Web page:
SOA Pattern of the Week (#3): Domain Inventory

By Thomas Erl, SOASchool.com and Herbjörn Wilhelmsen, Objectware, SOAPatterns.org |  SOA, SOA pattern

Enterprise-wide harmonization is a desirable and ideal target state that fully supports pretty much everything SOA and service-orientation stand for. For those that have achieved such a state, bless your standardized hearts. You have accomplished something that has eluded many others. However, not attaining this state does not mean you cannot successfully adopt SOA.

In some circles it has become common to view an SOA initiative as an all-or-nothing proposition that demands an uncompromising commitment to an enterprise-wide transformation effort. For those that subscribe to this view, it can inspire visions of architects choking at the thought of having to comply to global data models, IT managers losing sleep over having to give up authority over their departments, and rebellious developers being rounded up by the standards police (equipped with industry-standard riot gear, no less).

The misguided association of SOA projects with the infamous "Big Bang" approach is unfortunate. It gives SOA an unwarranted stigma that runs contrary to the very philosophy of service-oriented computing. You are not required to carry out an enterprise-wide adoption of SOA in order to realize its benefits. This is the very reason the Domain Inventory pattern emerged. From a strategic planning perspective, there is (for most organizations) no other pattern as important to fully realizing everything SOA has to offer.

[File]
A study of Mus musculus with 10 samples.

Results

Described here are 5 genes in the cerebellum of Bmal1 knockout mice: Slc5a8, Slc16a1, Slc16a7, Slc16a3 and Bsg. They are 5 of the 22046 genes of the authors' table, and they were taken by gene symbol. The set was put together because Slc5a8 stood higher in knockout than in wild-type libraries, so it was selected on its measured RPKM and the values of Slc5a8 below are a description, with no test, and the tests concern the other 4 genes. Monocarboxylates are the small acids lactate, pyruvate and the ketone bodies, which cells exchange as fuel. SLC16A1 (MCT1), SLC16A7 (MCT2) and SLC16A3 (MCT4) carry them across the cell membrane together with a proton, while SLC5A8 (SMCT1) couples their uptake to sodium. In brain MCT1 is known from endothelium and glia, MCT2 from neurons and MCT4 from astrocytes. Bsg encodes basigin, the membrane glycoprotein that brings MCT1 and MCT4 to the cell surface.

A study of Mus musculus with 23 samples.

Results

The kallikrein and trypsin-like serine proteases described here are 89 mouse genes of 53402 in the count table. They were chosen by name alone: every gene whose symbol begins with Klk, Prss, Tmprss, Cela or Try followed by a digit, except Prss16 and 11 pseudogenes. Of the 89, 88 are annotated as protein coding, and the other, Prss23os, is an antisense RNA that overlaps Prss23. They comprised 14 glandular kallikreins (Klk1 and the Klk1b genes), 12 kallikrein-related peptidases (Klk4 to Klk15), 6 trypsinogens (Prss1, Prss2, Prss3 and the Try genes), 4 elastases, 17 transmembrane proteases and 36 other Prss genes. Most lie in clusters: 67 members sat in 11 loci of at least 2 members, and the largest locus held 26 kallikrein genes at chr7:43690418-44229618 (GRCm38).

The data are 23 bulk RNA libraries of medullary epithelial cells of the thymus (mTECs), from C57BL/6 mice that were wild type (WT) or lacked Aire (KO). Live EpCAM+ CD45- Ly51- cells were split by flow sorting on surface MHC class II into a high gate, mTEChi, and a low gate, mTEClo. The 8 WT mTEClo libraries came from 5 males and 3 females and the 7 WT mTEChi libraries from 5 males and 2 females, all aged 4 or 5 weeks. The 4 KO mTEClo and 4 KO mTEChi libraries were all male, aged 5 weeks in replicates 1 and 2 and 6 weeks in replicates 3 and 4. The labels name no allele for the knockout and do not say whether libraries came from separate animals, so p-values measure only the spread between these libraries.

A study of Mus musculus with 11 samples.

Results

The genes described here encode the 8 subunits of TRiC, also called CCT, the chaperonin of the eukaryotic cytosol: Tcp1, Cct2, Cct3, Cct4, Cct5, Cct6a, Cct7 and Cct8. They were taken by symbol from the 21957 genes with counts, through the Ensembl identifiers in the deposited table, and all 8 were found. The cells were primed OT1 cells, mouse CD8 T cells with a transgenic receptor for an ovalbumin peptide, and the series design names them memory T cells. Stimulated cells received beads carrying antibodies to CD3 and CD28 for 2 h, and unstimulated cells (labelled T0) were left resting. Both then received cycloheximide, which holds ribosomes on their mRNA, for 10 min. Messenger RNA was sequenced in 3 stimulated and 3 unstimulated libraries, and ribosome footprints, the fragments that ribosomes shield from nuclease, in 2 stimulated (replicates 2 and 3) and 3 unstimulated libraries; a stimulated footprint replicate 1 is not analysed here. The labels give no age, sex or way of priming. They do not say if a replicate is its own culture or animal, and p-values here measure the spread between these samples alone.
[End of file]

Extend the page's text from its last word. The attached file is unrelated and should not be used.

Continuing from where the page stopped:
When transitioning toward the adoption of service-orientation, you are responsible for determining the scope of this adoption. As long as it is meaningfully cross-silo, it can realize an extent of the strategic benefits associated with service-oriented computing. In other words, as we just stated: You are not required to carry out an enterprise-wide adoption of SOA in order to realize its benefits. You can establish a domain that represents a manageable segment of your IT enterprise and carry out the adoption within its boundary. Another team within your organization can establish its own domain and carry out its own SOA project independently from yours.

This fundamental concept forms the basis of this pattern, which provides a very real and proven alternative to enterprise-wide adoption.